Marine Corps Recruit Depot San Diego --
Marine Corps recruit training is regarded by some as the toughest entry level training in the world. Recruit training is often visited by other nations to learn from one the world's premier fighting forces.
New Zealand Army Maj. Logan J. Vaughan, company commander, Total Force Recruit Training, Training Area Depot, was given an overview of recruit training during his visit to the depot, Nov. 19.
The purpose of the visit was for Vaughan to learn and gain exposure to some of the methods used in making Marines.
“Marine Corps recruit training is the premier initial enlisted training in the world; it is known for its discipline, leadership and toughness,” said Capt. John A. McNabb, future operations officer, Recruit Training Regiment. “That reputation precedes the Marine Corps and stems from the foundation set in recruit training. A lot of foreign militaries want to see what we do and incorporate it to improve their training.”
Marines are an amphibious force ready to fight and deploy throughout the world in a moment’s notice. It is an attribute other forces attempt to emulate.
"We are trying to align our forces with other militaries in the world and are looking to begin an amphibious task force in the near future," said Vaughan, a Christchurch, New Zealand, native. "We wanted to look at some of the best military aspects of militaries around the world. We wanted to see how the Marine Corps solves and handles problems."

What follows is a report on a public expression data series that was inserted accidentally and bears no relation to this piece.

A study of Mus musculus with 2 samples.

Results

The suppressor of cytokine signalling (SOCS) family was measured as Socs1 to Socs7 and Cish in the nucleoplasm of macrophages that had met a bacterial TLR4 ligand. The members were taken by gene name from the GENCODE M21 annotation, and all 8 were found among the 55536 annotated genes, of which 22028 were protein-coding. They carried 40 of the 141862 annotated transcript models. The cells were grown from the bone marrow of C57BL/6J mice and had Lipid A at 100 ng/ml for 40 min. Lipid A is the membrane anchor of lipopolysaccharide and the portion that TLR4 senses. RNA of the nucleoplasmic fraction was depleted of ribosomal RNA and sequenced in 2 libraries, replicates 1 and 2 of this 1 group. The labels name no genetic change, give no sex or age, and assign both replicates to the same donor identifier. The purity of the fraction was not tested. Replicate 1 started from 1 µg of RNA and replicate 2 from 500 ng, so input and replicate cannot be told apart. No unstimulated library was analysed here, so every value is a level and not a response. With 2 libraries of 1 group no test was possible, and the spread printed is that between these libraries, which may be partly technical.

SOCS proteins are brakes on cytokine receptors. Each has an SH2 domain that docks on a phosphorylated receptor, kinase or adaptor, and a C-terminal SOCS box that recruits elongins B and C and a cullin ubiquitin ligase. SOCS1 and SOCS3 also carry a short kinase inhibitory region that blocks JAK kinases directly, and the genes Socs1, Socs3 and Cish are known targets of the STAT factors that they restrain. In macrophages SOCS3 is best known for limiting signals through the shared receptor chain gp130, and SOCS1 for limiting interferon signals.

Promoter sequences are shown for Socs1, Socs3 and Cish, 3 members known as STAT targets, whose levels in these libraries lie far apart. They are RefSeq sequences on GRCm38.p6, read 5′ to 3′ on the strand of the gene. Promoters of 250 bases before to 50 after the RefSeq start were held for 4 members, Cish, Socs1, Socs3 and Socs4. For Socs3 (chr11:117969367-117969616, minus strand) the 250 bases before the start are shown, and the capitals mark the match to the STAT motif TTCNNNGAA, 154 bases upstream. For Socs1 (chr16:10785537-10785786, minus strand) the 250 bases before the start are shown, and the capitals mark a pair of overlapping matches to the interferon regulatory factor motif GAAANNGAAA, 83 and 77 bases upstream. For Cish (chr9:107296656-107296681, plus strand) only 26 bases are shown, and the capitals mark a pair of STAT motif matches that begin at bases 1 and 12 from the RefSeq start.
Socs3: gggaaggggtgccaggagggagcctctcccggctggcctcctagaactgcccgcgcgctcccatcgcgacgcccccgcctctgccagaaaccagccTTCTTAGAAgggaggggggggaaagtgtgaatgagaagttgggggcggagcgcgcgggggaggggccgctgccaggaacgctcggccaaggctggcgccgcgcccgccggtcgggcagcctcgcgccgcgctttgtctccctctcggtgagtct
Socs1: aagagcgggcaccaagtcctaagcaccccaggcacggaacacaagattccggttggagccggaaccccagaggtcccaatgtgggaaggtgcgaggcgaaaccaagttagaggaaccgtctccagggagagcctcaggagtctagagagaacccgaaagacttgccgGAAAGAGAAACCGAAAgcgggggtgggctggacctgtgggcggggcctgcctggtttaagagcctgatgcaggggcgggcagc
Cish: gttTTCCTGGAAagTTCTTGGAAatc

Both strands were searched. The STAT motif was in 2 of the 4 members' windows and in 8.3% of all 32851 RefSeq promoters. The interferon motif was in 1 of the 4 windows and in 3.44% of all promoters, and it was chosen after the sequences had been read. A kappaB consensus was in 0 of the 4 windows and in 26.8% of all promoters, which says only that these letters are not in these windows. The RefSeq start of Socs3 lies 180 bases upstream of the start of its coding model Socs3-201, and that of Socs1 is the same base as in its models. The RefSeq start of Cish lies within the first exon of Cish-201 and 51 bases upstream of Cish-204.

MCRD San Diego will graduate more than 14,000 Marines in fiscal year 2014 making it more than 20 times larger than New Zealand’s entire initial training.
"The sheer size of recruit training here; it’s huge," said 36-year-old Vaughan. "We graduate roughly 700 recruits a year."
There are many aspects to recruit training from recruiting, screening, training, logistics and also rehabilitation.
Vaughan was especially impressed with the size of the establishment supporting the making of Marines. The depot is equipped with Walker Hall, a sports medicine facility dedicated to rehabilitate basic Marines who were injured during training. Marines are kept there until they are completely healthy to attend their follow-on training.
"We don't have a unit dedicated to rehabilitate our injured recruits although we are developing one," said Vaughan.
The supporting establishment is essential for the welfare of recruits and ensuring recruit training mission sizes are accomplished, said 29-year-old McNabb, a San Jose, Calif., native.
Vaughan gathered plenty of information from the world’s premier enlisted initial training to help support the New Zealand Army’s training, but also with a positive impression of the Marine Corps.
“There are a lot of good things I saw,” said Vaughan. “I was very impressed with the amount of emphasis, resources and support for your recruits.”